Jul172009

Rip-off banks failing to help business

Rip off banks have never been able to borrow money so cheaply but are still pushing up rates for business borrowers.

The London Interbank Offer Rate (LIBOR) is the wholesale interest rate that banks and financial institutions set for lending money to each other.

The rate has fallen to the lowest ever since records started in 1986 – just 0.99%. But banks are accused of looking after themselves rather than their customers. Liberal Democrat Treasury spokesman Vince Cable said: “I do not accept that it makes sense for nationalised and semi-nationalised banks to build up capital reserves. There is no risk they will fail because they are owned by the taxpayer. Their primary requirement is to support the economy through lending.”

Mick McAteer, head of the Financial Inclusion Centre think tank, said: “Banks have been using the cuts in the Bank of England rate to increase their revenues by billions.

“There is a basic lack of competition and they have a stranglehold.”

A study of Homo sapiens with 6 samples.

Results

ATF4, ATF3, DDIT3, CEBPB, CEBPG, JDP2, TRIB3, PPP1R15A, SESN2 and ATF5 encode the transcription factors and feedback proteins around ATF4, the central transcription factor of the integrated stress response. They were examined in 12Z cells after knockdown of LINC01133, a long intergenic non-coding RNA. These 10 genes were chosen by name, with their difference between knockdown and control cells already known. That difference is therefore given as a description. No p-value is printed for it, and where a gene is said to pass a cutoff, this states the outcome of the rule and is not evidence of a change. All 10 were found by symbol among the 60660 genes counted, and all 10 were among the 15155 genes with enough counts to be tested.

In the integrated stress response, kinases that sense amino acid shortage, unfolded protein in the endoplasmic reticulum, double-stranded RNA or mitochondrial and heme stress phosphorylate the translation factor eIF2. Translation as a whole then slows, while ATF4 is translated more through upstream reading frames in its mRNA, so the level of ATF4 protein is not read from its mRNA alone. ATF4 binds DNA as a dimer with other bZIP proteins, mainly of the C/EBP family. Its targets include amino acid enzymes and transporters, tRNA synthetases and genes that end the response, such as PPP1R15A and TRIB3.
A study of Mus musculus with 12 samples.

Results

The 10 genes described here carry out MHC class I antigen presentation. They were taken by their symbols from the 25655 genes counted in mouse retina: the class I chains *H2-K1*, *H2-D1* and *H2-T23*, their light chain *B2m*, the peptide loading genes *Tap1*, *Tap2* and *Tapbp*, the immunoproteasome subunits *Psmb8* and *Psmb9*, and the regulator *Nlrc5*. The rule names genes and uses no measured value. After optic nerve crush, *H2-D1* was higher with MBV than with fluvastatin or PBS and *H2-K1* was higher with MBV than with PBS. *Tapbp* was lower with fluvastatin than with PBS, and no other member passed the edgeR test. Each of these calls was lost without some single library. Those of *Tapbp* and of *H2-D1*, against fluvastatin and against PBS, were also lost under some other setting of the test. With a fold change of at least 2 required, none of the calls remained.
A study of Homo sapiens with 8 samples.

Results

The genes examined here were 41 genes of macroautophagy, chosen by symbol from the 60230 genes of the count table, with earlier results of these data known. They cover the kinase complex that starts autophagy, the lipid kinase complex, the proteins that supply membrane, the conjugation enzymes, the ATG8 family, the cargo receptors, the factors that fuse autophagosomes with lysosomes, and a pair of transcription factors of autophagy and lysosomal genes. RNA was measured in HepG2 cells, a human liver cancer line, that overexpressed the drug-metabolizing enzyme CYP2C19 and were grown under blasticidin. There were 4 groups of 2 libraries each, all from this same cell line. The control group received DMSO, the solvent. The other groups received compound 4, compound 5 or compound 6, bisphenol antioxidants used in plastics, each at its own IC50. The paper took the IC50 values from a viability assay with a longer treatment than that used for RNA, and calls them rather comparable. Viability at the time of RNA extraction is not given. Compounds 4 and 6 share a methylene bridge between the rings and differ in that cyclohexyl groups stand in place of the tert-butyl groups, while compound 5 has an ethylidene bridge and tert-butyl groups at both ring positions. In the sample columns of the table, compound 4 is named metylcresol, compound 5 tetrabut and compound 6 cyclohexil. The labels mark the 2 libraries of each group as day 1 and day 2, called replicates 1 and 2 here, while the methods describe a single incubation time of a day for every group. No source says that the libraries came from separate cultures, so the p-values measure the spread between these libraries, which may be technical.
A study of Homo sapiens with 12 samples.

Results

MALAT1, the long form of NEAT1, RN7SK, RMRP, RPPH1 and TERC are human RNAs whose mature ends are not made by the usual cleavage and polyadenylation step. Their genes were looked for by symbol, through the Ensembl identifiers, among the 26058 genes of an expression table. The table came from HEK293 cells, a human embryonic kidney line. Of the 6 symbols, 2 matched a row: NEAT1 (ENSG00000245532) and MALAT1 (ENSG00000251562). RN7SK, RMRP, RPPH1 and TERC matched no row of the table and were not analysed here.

The LIBOR rate has steadily dropped over recent months as City investors feel the economy will stay in deflation for some time, with the Bank of England keeping the base rate at 0.5% into next year.

In March, three-month Libor was above 2%. Now has fallen from 1.01 to 0.99%.

According to the latest figures released by the British Bankers Association this week, high street banks' lending to small businesses rose by £153 million in May and deposits increased by £250 million.

Over 45,000 new small business banking relationships were established in the month.

Commenting on the data, BBA statistics director, David Dooks, said: "The small business sector saw another monthly increase in its borrowing from the high street banks in May, while reduced trading activities and greater control of liquidity were reflected in increased deposits and little-changed overdraft levels. Through the economic downturn, banks are working to support small businesses and more than 45,000 new banking relationships were opened in May."

The BBA has made no comment about banks failing to pass on LIBOR cuts.